Recently, Don Rickles bombed on David Letterman. Many of you youngins won’t remember Don Rickles. The Master of Venom, he was a comedian that some of us watched when televisions were still in black and white and our mothers were stirring – not shaking – martinis for our fathers, who lounged in their big comfy chairs after a hard day at work. We were allowed to watch Rickles’ standup comedy, even though he had an in-your-face, un-PC type of humor that was borderline irreverant and offensive. But I would catch myself giggling, suppressing my laughter with my hand over my face, like a kid in the back of a classroom who just witnessed the nun accidentally farting in front of the entire class.
On David Letterman, Rickles made a joke about Obama telling his advisers not to bother him because he was busy playing basketball. The joke bombed, even though I’ve heard a lot worse come from some female comediennes these day – sometimes in the same sentences in which they were bashing Princess Palin.
It is understandable that many Americans are proud of the advances we’ve made in this historical event. But in all fairness, and across the board, we need to LIGHTEN UP, PEOPLE!!!!!!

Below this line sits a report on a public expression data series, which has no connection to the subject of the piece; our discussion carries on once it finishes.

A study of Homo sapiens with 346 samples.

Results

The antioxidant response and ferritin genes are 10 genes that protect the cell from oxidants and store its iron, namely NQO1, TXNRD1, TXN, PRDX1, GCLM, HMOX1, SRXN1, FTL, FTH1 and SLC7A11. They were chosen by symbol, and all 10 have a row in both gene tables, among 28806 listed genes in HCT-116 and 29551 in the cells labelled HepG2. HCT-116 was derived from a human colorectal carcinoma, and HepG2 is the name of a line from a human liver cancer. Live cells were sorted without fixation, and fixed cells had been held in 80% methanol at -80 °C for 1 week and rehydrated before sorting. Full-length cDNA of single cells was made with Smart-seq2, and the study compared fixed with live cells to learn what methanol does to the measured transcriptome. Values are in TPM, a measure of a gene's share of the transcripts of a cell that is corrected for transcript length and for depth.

I can just see the bulleted lists being hurriedly scribbled down and sent out in faxes by the Directors of Programming for the major channels: “Please have comedians immediately refrain from the use of the following words when referring to the President-Elect: basketball, athlete, cotton, chicken, curly, watermelon, tall, fast, butler, ribs, wings, black, ride, momma, cotton, brother, nappy, blues, ax, slave, servant, sister, race, colored,…” and other so called stereotypes that can be either negative or positive in tone.
Stereotyping is the existence of a group of people who share a characteristic, and many of these groups have become the butt of some very humorous jokes: Lawyers (ill reputes); Salesmen (smarmy); Cheerleaders (ditzy); CEOs (thiefs).
I’ll be glad when the sensitivity level drops about ten notches around here and people stop feeling so protective. We need to learn to laugh again – a lot – and we need to be a tad more self-depracating, and embrace our differences…with our coffee blurting out our noses.